Kosice is so full of museums that you’ll be spoilt for choice. Admittedly, at first glance I overlooked Miklus’s prison, as much as I love the gory stuff I thought there would be potentially better places to find out about Kosice – how wrong could I be!
From the outside you could be easily fooled into thinking it was just a normal house and you had the wrong place however, it’s one of the oldest buildings in Kosice and was even built before the city walls. Miklus’s Prison was mainly where they kept drunks and vagrants troubling the city but these days it’s full of treasures. The whole site has been redeveloped for guests and it’s now not only a prison museum but also documents much of the city’s history too. Two museums for the price of one – I love a good bargain!
The ground floor and basement are a bit of a maze and I already felt like I was imprisoned only a few moments after entering. Much like you’d expect with a prison museum the first things you encounter are old prison cells and examples of the old torture implements that were once used.
The first thing I noticed was the space, I imagine prison to be lots of little, cramped cells whereas these were very big, bigger than my bedroom at home, solitary confinement was the same size as my university bedroom but I obviously has the luxury of having these to myself. It was also very interesting to see the Women’s section was still set up how it would have been in 1600s.
At the back of the prison was a very different style of accommodation, a nice little flat where the executioner lived – lucky him! Although I’m not sure I would have been applying for his job at any point – not only did he have to kill people but he also didn’t have any friends! He had to wear a purple cloak to make him distinguishable and people would avoid him in the streets. I know I love purple but… no thanks! For “nice executions” people were commended to die from the sword, this was kept in the city hall and legend is that they could only use the same sword a 100 times or else it became bloodthirsty.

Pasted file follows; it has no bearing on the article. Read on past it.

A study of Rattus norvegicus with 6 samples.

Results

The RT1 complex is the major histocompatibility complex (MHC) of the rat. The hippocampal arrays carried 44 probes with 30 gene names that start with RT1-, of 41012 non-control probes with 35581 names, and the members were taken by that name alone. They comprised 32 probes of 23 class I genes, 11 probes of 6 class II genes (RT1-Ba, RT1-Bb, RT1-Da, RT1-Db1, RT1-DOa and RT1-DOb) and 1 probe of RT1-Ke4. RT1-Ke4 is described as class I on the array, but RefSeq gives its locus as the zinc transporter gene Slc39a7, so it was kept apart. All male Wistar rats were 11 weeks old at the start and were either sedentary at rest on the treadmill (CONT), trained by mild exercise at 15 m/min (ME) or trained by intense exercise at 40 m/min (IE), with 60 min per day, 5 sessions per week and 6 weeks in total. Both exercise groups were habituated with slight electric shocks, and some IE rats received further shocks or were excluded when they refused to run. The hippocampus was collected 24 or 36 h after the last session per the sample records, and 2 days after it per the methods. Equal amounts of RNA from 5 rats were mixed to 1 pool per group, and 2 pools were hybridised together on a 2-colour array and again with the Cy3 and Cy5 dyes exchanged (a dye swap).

Probably my favourite item in the museum was the scale model of how Kosice used to look with the city walls still in tact. I’d recommend coming to see this early on during your visit as it really helps when you’re out and about in the streets to imagine what it used to be like, it’s even possible to see marks where the walls used to stand. When they renovated the main street, the old walls were marked with broken paving on the floor. Once we realised what it represented we kept seeing it everywhere and it really helped give an idea of what the city used to be like.
In another room there are examples of how they used to fight fires in 16th Century.
It also has a history of the coat of arms on the first floor. Kosice was the first city to be awarded a coat of arms in Europe, before this only knights or families had coat of arms. It was nice to see how it developed over time adding different bits to the coat of arms – also this was the first time I saw it in colour.
Get an audio guide – it explains each of the rooms and is well planned out. Plus, all exhibits are in Slovak so without this (or obviously knowing the language) there would be a lot of guess work involved.
The front door to the prison isn’t used anymore, you need to go into the bastion and buy your ticket there. You will then enter the prison from the back.